Book review: Edgar Rice Burroughs’ “A Princess of Mars”

I have to admit that I knew nothing about Edgar Rice Burroughs’ “Barsoom” books until I saw the first trailer for Disney’s “John Carter”.

Since I am an incredibly shallow person who bases my book purchasing decisions on the abs of the guy on the cover, I immediately sought out a copy of “A Princess of Mars” purely on the strength of a shirtless Taylor Kitsch.

Of course, that buying strategy hasn’t always worked out for me in the past. There’s the sad state of the “Fallen” books by Thomas Sniegoski that I bought a couple of years ago — they are still tragically unread.

It was a good thing this one had a movie coming out, so I had a lot of motivation to finish it. But will this be another book whose purchase I will rue? Or will Taylor Kitsch’s abs prove to be an accurate indicator of literary quality?

“A Princess of Mars” tells the story of John Carter, a perfect Southern gentleman who, upon the moment of his death, leaves to his nephew Edgar Rice Burroughs not just his estate, but a fantastic tome recounting the adventures he experienced on the planet Mars.

Inexplicably transported to Mars while escaping from some Apache Indians, John Carter finds himself embroiled in the brutal lives of the different inhabitants of Mars — or Barsoom, as the Martians call it. He is taken prisoner by green Martians, and in the course of his captivity meets the beguiling Martian princess, Dejah Thoris. And because of his increased speed and strength — thanks to Mars’ lower gravity — he ends up figuring in epic battles that change the political landscape of Barsoom.

When “A Princess of Mars” was first published in 1912, it was in the form of a magazine serial, and it definitely showed when I was reading the book over the past week. Each chapter kept on introducing these new concepts and ideas — to keep magazine readers interested, of course — and always ended on a cliffhanger. I can just imagine how readers would eagerly wait for the next installment.

Reading it in book form doesn’t lessen that anticipation or excitement. It’s easy to get lost in all the new things that Burroughs throws at you — nudity! telepathy! spaceships! — and you kind of go from chapter to chapter just taking it all in. It’s basically the outline of any good action adventure film — great set pieces interspersed with moments of connecting exposition and introspection.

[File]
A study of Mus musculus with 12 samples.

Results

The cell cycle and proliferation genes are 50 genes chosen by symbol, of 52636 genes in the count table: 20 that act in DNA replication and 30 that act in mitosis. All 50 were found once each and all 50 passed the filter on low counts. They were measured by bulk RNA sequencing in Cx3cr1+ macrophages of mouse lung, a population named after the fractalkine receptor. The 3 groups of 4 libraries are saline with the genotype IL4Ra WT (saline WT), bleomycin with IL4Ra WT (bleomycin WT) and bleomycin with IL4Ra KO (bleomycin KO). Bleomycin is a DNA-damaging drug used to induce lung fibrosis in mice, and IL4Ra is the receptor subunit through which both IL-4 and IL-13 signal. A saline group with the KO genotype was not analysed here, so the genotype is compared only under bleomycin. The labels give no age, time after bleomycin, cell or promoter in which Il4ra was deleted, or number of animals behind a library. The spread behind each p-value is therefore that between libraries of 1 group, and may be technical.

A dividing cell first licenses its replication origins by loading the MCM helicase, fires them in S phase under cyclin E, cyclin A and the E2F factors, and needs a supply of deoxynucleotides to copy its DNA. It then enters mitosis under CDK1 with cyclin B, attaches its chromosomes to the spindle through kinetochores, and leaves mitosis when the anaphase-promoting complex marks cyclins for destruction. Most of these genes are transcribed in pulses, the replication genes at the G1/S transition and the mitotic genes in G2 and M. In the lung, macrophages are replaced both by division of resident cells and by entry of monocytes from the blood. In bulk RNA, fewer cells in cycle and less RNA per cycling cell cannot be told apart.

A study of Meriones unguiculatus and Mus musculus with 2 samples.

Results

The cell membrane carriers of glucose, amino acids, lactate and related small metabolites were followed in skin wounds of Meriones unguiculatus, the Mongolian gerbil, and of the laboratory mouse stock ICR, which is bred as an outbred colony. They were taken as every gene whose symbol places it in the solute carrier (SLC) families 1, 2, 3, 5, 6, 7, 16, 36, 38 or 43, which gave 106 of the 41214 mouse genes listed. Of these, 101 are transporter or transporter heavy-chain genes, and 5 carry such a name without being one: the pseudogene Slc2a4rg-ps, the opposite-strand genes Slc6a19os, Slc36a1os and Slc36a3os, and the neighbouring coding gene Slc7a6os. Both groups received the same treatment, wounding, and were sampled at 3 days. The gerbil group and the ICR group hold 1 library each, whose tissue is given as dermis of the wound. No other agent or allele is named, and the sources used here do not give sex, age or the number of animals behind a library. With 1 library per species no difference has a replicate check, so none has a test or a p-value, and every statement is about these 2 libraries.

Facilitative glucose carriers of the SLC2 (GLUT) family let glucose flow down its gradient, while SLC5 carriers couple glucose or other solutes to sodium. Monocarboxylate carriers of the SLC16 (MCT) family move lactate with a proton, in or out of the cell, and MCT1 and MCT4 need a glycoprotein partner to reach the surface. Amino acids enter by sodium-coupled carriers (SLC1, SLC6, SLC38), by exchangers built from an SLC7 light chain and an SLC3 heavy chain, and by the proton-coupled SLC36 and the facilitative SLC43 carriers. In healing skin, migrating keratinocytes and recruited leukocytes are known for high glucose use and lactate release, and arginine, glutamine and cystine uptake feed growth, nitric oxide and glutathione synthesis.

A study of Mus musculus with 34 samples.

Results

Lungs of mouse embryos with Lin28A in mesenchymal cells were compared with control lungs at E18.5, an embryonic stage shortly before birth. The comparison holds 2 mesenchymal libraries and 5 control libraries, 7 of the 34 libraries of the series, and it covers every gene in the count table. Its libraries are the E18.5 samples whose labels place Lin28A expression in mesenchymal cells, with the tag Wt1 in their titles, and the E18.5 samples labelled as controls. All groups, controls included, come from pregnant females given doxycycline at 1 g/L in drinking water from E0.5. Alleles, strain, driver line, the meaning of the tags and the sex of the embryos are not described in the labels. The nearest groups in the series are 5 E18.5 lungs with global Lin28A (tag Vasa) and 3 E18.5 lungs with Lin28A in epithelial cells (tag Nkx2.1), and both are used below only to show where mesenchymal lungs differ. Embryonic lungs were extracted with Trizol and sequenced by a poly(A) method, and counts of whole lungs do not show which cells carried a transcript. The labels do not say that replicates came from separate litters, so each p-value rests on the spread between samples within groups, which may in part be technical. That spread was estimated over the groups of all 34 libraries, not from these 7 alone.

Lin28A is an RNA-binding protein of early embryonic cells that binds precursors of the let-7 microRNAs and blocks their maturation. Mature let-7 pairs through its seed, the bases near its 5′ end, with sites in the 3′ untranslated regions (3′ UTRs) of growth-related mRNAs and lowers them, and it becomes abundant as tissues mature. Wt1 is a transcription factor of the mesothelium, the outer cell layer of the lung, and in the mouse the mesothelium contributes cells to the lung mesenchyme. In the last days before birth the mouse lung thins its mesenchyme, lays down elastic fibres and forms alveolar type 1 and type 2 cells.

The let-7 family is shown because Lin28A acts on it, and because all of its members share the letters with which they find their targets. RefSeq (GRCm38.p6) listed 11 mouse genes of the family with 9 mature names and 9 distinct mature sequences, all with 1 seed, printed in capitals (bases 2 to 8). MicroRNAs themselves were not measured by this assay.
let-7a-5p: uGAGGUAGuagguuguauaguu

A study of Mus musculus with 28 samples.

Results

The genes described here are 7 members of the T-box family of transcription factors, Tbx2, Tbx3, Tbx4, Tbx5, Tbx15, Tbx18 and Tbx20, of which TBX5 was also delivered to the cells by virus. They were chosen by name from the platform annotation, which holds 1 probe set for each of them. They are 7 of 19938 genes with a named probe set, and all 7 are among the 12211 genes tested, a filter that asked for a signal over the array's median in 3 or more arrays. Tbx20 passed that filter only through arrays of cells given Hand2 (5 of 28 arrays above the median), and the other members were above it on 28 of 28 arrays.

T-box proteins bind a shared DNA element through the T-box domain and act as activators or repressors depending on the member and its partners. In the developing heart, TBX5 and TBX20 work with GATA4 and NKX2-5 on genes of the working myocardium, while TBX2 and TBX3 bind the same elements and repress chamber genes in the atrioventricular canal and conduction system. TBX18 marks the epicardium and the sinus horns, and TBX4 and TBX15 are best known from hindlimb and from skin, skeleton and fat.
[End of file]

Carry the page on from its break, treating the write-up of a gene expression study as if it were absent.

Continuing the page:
There’s also the fact that the images that were in my head while I was reading the book essentially all came from what I have seen from the trailers for “John Carter”. So when Burroughs starts to describe a nude John Carter crawling about on his hands and knees on a Martian desert, the image in my head was a naked Taylor Kitsch crawling about on his hands and knees on a Martian desert. You guys have no idea how much that enhances the reading experience.

If the book had any problem, it’s the fact that parts of it have become incredibly dated. While some of it is charming — I found it amusing that there were only five continents at the time this book was published — a whole lot of it sounds a lot like racism and white man’s privilege. Perhaps it doesn’t sound so offensive when you’re reading this as a young kid — it’ll probably fly past your head — but reading it as an adult certainly felt very uncomfortable. That was probably the biggest thing that held me back from enjoying this book to the fullest.

Having said that, it was still an enjoyable read all in all, and I can clearly see why a lot of other science fiction authors have named this series as an inspiration. There are 10 (!) more Barsoom books in the series, and I can’t wait to read each and every one of them.

Also, have some shirtless Taylor Kitsch!